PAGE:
PlumgridA group of former Cisco engineers who worked on some of the network giant's most important technology just came out of stealth with a product that could unseat their former employer.
The company is called PlumGrid. It's part of a brand new market called software-defined networking (SDN) that will completely change how companies build networks.
With SDN, instead of buying expensive network hardware with a lot of fancy features from companies like Cisco, enterprises will buy cheaper hardware and less of it, with all those features handled in the SDN software. SDN networks are easier to setup and modify than traditional networks, proponents say, and work well with cloud computing technologies.
There's a whole bunch of SDN players, but PlumGrid is worth watching for three reasons:
- The Cisco pedigree of its founders.
- It is challenging the SDN market leader, VMware's Nicira, with alternative technology.
- It has already signed on a bunch of big-name partners.
PlumGrid's cofounders have worked on some of Cisco's most important networking products. For instance, CEO Awais Nemat worked on Cisco's flagship Catalyst 6500 and Nexus 7000 switches. CTO Pere Monclus, a Cisco Distinguished Engineer, worked on handfuls of Cisco's top products and even created an early prototype of an SDN product for Cisco.
PlumGrid's claim to fame is that it doesn't use the same open-source software called OpenFlow invented by the SDN leader, VMware's Nicira. In fact its founders have some sharp things to say about OpenFlow calling it "a demonstration of a concept. It's a demo, not a production-class system," Nemat told Business Insider.
Instead, they wrote their own software and included tools enterprises need like management and troubleshooting apps. PlumGrid's software is not free and open source like OpenFlow is, however developers can still write apps for it which are distributed through PlumGrid's app store.
Perhaps the best reason to watch this startup is because it has already attracted some big-name companies to support its initial product, the PlumGrid Platform, most of them from the ranks of Cisco's biggest competitors. Its partners include: A10 Networks, Arista Networks (run by another prominent ex-Cisco engineer Jayshree Ullal), Broadcom, Check Point Software, Citrix, F5 Networks, Palo Alto Networks, and others.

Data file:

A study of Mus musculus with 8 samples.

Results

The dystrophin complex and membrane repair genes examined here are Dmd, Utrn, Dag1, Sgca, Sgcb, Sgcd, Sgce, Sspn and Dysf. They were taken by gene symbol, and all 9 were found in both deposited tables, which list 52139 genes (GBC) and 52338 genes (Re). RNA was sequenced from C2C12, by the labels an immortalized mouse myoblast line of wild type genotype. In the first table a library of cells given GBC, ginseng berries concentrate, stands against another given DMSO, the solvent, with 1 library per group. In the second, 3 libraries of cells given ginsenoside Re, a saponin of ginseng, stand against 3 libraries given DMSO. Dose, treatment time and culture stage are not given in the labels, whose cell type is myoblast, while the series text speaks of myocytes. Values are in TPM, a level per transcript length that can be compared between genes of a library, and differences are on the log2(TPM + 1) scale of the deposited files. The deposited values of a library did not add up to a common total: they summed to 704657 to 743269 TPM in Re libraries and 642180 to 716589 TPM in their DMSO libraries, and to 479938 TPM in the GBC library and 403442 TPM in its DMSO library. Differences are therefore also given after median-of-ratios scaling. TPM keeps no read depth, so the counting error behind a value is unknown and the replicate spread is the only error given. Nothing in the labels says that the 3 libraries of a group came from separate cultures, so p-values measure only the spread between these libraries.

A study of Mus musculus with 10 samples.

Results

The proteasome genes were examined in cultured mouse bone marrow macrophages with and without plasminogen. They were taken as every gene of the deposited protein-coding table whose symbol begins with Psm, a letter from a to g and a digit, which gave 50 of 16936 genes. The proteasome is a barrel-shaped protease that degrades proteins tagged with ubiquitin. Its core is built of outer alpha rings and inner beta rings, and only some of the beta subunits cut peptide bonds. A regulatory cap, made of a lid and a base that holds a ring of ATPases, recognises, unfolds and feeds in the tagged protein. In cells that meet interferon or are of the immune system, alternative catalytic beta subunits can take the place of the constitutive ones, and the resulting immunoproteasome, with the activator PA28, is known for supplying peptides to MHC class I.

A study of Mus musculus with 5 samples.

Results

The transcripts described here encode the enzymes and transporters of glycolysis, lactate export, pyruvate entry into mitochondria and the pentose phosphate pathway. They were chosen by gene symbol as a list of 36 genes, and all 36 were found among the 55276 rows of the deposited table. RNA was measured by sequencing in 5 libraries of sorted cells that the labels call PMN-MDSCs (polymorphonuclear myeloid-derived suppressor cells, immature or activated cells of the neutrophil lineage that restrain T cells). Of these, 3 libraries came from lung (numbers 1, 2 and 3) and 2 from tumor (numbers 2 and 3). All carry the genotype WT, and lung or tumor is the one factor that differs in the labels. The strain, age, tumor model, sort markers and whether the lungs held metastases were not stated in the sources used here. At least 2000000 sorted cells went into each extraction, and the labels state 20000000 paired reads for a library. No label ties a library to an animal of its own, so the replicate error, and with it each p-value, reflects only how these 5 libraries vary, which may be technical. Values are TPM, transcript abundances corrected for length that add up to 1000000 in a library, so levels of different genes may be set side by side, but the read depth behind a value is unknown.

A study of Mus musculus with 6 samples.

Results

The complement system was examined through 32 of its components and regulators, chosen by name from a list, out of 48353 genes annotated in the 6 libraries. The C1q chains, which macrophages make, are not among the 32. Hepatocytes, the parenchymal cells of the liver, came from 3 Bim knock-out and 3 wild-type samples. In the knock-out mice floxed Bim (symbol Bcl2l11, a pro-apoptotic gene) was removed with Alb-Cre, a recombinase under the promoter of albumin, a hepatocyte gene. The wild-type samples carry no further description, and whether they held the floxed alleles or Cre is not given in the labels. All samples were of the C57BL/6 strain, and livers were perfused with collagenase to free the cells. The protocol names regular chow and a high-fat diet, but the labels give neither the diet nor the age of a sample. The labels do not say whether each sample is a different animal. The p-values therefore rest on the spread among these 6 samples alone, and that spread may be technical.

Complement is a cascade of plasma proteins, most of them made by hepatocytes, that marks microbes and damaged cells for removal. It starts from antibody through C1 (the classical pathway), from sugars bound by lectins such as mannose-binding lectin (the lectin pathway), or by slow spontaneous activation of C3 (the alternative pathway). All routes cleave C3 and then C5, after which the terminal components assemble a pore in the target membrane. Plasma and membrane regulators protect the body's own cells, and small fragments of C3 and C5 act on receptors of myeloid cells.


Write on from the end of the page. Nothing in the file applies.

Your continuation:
PlumGrid also part of AT&T's Foundry program, a proving ground for new network tech.
PlumGrid has raised nearly $11 million from investors Hummer Winblad Venture Partners and US Venture Partners.AT&T Foundry PLUMgrid Platform is impressive.
Cisco plans to defend itself against SDN in general, and PlumGrid in particular, with its own SDN technology. Word is that this tech is being created by a Cisco-funded start-up called Insieme but Cisco has been very tight-lipped about the technology.
PlumGrid's Monclus isn't worried about Insieme. "We don't care. Cisco is very weak" in this new "virtual networking" market, he tells us.
There's a lot at stake. SDN promises to gut the $23 billion networking hardware market where Cisco dominates. It will be replaced by a brand new SDN market expected to generate $4 billion by 2016, according to market researcher IDC.
And, even though these SDN products are very young and enterprises aren't spending a lot on them yet, SDN startups have already had some spectacular exits. This includes the year-ago purchase of Nicira by VMware for $1.26 billion, the $176 million acquisition of Contrail Systems by Juniper Networks a mere two days after Contrail came out of stealth and F5 Network's acquisition of LineRate in February for millions, 10 months after it came out of stealth.